Teaching On A Holiday
Today was the first time this year that we’ve had school on a major holiday. The students were fairly antsy most of the day in anticipation of our first classroom party. The gloomy weather this morning did not help the situation, either. It started raining yesterday and, with few breaks, continued on throughout the day.
To help the c;lass make it through the day, I made sure they knew exactly what we would be doing all day long. Of course, this is something I try to do as a matter of course, but I have found that holidays are especially important days to set clear expectations for everyone.
Despite have a school-wide costume parade and classroom parties at the end of the day, we had a very busy morning and early afternoon. We started with our regular journal writing and then went down the music room for our twice-weekly 30 minutes of Arts Infusion. The music teacher has been sharing Renaissance-era music and dance to complement our social studies unit on early European exploration. Then we returned to the classroom and discussed the journal topic from the morning, sharing tips for being safe tonight, especially during trick-or-treating.
The next big part of our day was our regular literacy block. I wanted the students to have a large block of time today to work on their writing, as we have started a number of assignments over the past several weeks. We reviewed the general phases of the writing process, but focused on the planning/pre-writing phase and the rough draft phase. Some students told me they were done with a writing assignment. I reminded them again of the great amount of time that should go into writing, with planning, drafting, revising, drafting further, revising again, peer-reviewing, revising and drafting yet again, and repeating the process several times until they are ready to publish.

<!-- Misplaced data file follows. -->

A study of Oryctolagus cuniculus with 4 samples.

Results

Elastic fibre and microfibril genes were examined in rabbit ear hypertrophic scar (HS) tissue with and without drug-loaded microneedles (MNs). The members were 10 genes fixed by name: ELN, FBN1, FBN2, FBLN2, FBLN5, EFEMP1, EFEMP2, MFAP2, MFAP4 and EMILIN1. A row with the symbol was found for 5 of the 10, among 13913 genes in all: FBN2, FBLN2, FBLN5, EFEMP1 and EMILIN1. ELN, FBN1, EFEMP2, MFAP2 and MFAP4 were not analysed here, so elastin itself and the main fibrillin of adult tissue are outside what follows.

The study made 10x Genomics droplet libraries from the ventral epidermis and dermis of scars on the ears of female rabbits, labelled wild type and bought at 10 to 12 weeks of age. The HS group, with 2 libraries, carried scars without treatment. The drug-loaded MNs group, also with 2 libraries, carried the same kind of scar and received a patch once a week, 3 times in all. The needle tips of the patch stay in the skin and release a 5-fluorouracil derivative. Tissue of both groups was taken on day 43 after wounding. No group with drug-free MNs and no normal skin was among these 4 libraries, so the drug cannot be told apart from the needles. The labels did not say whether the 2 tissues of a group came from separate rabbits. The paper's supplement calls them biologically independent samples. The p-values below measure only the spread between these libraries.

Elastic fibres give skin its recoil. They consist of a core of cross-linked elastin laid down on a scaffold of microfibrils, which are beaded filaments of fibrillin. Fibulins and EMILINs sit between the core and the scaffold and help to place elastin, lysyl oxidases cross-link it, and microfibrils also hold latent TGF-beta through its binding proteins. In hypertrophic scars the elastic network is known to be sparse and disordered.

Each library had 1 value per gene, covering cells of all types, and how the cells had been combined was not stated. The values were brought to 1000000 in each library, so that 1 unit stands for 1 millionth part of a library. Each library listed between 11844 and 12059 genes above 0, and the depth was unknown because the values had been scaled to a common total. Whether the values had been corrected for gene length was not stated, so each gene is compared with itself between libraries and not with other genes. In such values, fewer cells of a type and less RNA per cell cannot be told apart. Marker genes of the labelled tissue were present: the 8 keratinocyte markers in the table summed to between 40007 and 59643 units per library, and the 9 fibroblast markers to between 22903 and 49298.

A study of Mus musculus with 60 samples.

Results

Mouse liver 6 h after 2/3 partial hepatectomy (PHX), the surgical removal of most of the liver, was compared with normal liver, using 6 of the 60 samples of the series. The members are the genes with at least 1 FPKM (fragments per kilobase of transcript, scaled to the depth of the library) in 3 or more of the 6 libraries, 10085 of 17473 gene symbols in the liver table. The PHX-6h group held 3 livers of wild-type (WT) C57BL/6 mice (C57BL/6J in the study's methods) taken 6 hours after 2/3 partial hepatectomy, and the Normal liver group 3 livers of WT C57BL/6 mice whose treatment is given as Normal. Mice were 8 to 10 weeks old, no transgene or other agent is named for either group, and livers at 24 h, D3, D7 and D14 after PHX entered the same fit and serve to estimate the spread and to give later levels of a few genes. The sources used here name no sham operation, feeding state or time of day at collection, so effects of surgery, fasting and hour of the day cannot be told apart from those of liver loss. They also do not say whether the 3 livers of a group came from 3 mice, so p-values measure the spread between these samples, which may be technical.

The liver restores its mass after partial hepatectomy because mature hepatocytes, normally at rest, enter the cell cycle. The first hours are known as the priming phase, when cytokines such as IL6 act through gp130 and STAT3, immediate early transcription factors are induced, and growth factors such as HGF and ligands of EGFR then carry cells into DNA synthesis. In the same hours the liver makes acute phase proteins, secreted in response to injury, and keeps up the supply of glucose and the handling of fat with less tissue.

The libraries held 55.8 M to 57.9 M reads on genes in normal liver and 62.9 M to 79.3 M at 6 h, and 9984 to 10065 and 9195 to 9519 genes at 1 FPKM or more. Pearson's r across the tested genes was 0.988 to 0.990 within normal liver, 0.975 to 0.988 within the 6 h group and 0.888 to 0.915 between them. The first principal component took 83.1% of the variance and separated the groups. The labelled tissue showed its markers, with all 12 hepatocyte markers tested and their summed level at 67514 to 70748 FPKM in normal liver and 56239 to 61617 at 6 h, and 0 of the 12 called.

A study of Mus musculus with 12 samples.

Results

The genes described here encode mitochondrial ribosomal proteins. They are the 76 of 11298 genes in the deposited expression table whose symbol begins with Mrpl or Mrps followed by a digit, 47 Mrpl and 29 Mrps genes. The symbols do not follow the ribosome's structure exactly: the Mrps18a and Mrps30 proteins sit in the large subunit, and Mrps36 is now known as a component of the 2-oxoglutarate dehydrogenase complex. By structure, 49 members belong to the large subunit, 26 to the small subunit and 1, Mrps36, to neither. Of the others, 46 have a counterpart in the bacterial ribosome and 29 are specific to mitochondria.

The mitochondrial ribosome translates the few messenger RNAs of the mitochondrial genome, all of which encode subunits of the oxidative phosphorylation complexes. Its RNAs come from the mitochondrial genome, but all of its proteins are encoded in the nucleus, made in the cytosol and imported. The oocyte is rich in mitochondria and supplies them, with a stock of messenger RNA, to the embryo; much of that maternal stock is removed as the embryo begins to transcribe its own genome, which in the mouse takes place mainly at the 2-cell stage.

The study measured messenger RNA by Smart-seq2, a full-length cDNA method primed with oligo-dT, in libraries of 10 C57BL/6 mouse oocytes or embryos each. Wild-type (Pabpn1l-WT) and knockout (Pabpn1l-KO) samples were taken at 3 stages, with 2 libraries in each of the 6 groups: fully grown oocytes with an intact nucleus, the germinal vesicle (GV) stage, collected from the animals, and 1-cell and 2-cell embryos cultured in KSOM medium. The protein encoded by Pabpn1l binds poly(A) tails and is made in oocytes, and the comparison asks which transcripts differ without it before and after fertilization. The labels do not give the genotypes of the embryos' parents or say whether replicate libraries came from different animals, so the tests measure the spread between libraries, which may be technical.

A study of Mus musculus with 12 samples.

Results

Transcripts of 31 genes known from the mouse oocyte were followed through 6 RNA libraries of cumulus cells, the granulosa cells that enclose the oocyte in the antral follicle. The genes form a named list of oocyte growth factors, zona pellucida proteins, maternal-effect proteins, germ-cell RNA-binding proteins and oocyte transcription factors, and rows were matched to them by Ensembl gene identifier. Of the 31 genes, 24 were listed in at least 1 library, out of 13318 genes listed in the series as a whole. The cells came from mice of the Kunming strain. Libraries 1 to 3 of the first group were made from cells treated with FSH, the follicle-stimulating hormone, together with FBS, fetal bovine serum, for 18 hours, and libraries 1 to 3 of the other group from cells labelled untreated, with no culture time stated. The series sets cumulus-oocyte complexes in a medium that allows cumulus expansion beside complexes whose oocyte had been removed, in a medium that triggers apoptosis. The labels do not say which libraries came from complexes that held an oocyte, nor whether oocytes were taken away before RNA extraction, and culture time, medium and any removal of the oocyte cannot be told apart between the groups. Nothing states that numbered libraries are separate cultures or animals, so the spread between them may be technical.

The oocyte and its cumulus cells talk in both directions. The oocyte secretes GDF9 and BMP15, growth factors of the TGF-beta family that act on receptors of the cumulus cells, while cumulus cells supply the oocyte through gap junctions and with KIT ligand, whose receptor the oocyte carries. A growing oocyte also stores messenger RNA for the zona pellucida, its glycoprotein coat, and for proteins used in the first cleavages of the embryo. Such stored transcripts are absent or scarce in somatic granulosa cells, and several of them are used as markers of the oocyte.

I had everyone work on their writing for about 20 minutes, then we took a break before going into the computer lab for more research on our explorers. We only had half an hour in the computer lab, but the students did a fantastic job staying on task the entire time. Our morning was wrapped up with a math lesson on quadrilaterals. I discovered some time ago that students really enjoy learning about geometry, which is what we are doing for the next week before we get back to arithmetic. I had the class name different types of quadrilaterals and then determine what makes them unique and what makes them similar.
Following lunch, which had an indoor recess, we met in our math groups for review of multi-step word problems and two-digit by two-digit multiplication. This went on until it was time to go to music. And then it was finally time for our holiday celebration! There was a costume parade (outdoors because the rain broke for just enough time!) and then we had our classroom parties. Some classes have a lot of games and activities planned. Fourth graders tend to prefer to just socialise and enjoy copious amounts of sugary treats. (We had so many cupcakes that some parents took them to other rooms to share!)
After all this, the day was finally done. We pushed through and made it through and, I hope, had a lot of learning going on. It is far too easy for holidays to turn into fairly unproductive days, but with clear objectives, a set timetable, and goal to accomplish work before we could play, we had a day that went very, very well!
This entry was posted on October 31, 2013 by Alex T. Valencic. It was filed under Fourth Grade and was tagged with Fourth Grade, Grade School, Mathematics, Parties, Social & Emotional Learning, Social Studies, Writing.